In 1954, Gibson was left in little doubt about which direction guitars were headed in as electrics outsold acoustics for the first time in the company’s history.
By this stage, the best part of two decades had passed since its first electric Spanish – the ES-150 – was unveiled to the public, and within that time, the popularity of the electric guitar had gained serious momentum.
As the instrument really began to capture the imagination of the latest generation of musicians, fresh styles and sounds emerged, permeating American popular culture from coast to coast via record, radio and the powerful new medium of television. The golden age of rock ’n’ roll was fast approaching.
With the release of the Les Paul Model/Goldtop in 1952, followed by the Les Paul Custom, Junior and TV in ’54, solidbody electrics were proving in demand. Nevertheless, while some players enjoyed their resistance to feedback and thinner 1 3/4-inch body depth, others still preferred the look, sound and feel of Gibson’s more traditional 3 3/8-inch-deep electric jazzboxes.
Thus, the Gibson team – which was spearheaded by president, Ted McCarty – set about developing a concept that would strike a balance between the slinkier, more progressive design of its solidbody guitars and the good, old‑fashioned full-body archtops.
With input from two of the most prominent guitarists of the time, Billy Byrd and Hank Garland, the first of Gibson’s new thinline guitars were prototyped and recorded in a factory ledger as “special thin model” L-5CESes in April 1955. From there, this premium carved-top design was refined for regular production and subsequently dubbed the ‘Byrdland’.
Introduced as ES-350T/N; sunburst or natural (with ‘N’) finish; dual P-90s; 2 shipped 1956 c.220 shipped
PAF humbuckers; ‘ES-350 T’ engraved on tailpiece; c.225 shipped (peak)
Redesignated ES-350TD/N; nut width changes from 1 5/8 to 111/16 inches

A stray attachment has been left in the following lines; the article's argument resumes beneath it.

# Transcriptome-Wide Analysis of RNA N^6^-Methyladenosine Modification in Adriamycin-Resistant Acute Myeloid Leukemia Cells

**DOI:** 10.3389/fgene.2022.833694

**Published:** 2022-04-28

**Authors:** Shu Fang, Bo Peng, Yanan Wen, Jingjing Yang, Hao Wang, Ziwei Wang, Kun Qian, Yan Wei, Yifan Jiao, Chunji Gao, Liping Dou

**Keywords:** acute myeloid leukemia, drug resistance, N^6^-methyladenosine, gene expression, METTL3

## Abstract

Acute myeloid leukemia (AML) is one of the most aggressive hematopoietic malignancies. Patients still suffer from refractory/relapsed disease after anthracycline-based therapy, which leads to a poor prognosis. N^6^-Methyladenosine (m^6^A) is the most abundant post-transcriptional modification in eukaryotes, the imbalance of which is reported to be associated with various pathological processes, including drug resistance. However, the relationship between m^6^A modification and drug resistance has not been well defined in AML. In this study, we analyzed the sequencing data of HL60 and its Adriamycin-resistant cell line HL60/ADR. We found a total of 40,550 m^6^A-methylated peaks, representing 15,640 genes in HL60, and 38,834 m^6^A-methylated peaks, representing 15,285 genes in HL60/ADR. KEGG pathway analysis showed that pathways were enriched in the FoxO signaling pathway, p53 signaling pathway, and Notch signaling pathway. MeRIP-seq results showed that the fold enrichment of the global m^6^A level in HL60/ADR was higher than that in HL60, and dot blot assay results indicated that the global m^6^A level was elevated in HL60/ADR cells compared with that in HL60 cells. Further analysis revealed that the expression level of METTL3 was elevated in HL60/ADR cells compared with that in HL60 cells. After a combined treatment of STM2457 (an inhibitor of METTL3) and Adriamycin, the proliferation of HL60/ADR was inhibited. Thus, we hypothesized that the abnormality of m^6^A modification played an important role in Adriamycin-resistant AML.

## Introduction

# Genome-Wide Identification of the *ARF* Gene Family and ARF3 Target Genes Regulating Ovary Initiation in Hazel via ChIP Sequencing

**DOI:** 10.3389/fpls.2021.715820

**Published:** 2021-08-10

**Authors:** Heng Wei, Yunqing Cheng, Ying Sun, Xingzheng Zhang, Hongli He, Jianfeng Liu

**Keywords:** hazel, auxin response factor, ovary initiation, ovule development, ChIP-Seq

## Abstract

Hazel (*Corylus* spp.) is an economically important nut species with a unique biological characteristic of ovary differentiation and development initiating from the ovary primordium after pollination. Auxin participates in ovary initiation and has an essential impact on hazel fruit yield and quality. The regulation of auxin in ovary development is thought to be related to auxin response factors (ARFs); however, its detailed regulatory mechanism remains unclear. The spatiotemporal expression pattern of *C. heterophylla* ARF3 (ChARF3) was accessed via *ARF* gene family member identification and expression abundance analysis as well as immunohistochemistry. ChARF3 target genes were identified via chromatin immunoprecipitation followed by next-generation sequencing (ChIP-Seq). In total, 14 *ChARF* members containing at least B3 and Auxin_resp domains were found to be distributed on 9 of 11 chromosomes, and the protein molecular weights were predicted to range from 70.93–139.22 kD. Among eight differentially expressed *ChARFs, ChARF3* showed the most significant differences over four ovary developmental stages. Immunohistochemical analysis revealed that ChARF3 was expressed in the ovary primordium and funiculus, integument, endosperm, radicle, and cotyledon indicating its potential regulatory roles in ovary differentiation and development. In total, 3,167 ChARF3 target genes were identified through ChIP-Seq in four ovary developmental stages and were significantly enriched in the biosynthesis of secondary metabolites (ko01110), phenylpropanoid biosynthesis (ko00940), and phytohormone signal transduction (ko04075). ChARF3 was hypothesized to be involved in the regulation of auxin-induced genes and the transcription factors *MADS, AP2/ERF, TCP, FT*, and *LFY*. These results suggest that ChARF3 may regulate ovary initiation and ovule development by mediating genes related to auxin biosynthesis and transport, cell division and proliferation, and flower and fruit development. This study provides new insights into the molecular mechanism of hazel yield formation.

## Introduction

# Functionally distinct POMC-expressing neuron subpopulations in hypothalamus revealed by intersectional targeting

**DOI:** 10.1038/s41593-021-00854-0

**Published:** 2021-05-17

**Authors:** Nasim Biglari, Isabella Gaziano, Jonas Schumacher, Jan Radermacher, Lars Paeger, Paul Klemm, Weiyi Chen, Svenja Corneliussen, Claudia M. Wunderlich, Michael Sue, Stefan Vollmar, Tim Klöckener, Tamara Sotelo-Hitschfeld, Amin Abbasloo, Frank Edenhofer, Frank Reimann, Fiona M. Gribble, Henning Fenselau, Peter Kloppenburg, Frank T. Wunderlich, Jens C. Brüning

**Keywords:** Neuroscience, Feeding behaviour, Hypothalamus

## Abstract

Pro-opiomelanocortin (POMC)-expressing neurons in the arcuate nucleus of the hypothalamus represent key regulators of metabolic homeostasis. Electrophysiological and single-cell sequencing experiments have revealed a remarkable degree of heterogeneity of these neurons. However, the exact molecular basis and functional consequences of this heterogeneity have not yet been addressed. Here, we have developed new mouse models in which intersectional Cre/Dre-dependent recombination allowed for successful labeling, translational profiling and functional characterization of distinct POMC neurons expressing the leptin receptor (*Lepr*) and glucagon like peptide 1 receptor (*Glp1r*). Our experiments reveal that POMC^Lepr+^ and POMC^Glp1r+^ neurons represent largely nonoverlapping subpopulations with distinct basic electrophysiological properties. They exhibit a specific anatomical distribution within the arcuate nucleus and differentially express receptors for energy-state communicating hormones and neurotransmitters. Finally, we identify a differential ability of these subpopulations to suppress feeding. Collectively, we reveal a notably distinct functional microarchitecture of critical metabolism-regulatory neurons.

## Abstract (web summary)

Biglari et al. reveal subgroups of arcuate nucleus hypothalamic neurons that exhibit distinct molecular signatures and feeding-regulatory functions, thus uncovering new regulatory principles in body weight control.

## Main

Florentine/sharp cutaway; shorter pickguard
c.80 guitars shipped
Neck changes from 2- to 3-piece laminated maple
Reintroduced as ES-350T; Natural, Fireburst and Sunburst finishes; 25 1/2-inch scale
Chuck Berry 1955 ES-350T; Antique Natural finish; limited run of 55
Making its debut at the July 1955 NAMM show and costing $550 in Sunburst or $565 in Natural, it appeared alongside the mid-priced ES-350T (marked up at $155 less in either finish) and the “popular priced” $179.50 Sunburst ES-225T.
As per its full-body predecessor, the ES-350 (originally released in 1947 as the ES-350P and phased out during ’56 when its thinline/‘T’ successor began shipping in earnest), the ES-350T measures 17 inches in width, although it boasts a thinner body depth of 2 1/4 inches, as opposed to 3 3/8 inches.
Along with a shorter 23 1/2‑inch scale length and narrower 1 5/8-inch nut width, it shares these dimensions with the top-of-the-line Byrdland, while the 16 1/4-inch-wide ES-225T/D thinlines feature the standard Les Paul/solidbody 1 3/4-inch depth and 24 3/4-inch scale length.
Whereas the Byrdland boasts an L-5CES‑style ebony fingerboard, solid maple back and sides and carved spruce top, the ES-350T is constructed with laminated maple and features a rosewood fretboard with double parallelogram inlays.
From ’57, ES-350Ts were fitted with a pair of humbuckers in place of dual ‘dog-ear’ P-90s, although this upgrade did nothing to improve the model’s sales, which steadily declined after peaking that year, and it was eventually discontinued in ’63.
It was briefly reintroduced in 1977, albeit with a long 25 1/2-inch scale length, before disappearing from production again in the early 80s. More recently, in 2019, Gibson unveiled the Chuck Berry 1955 ES-350T signature model in honour of the ES-350T’s most famous proponent – the father of rock ’n’ roll himself.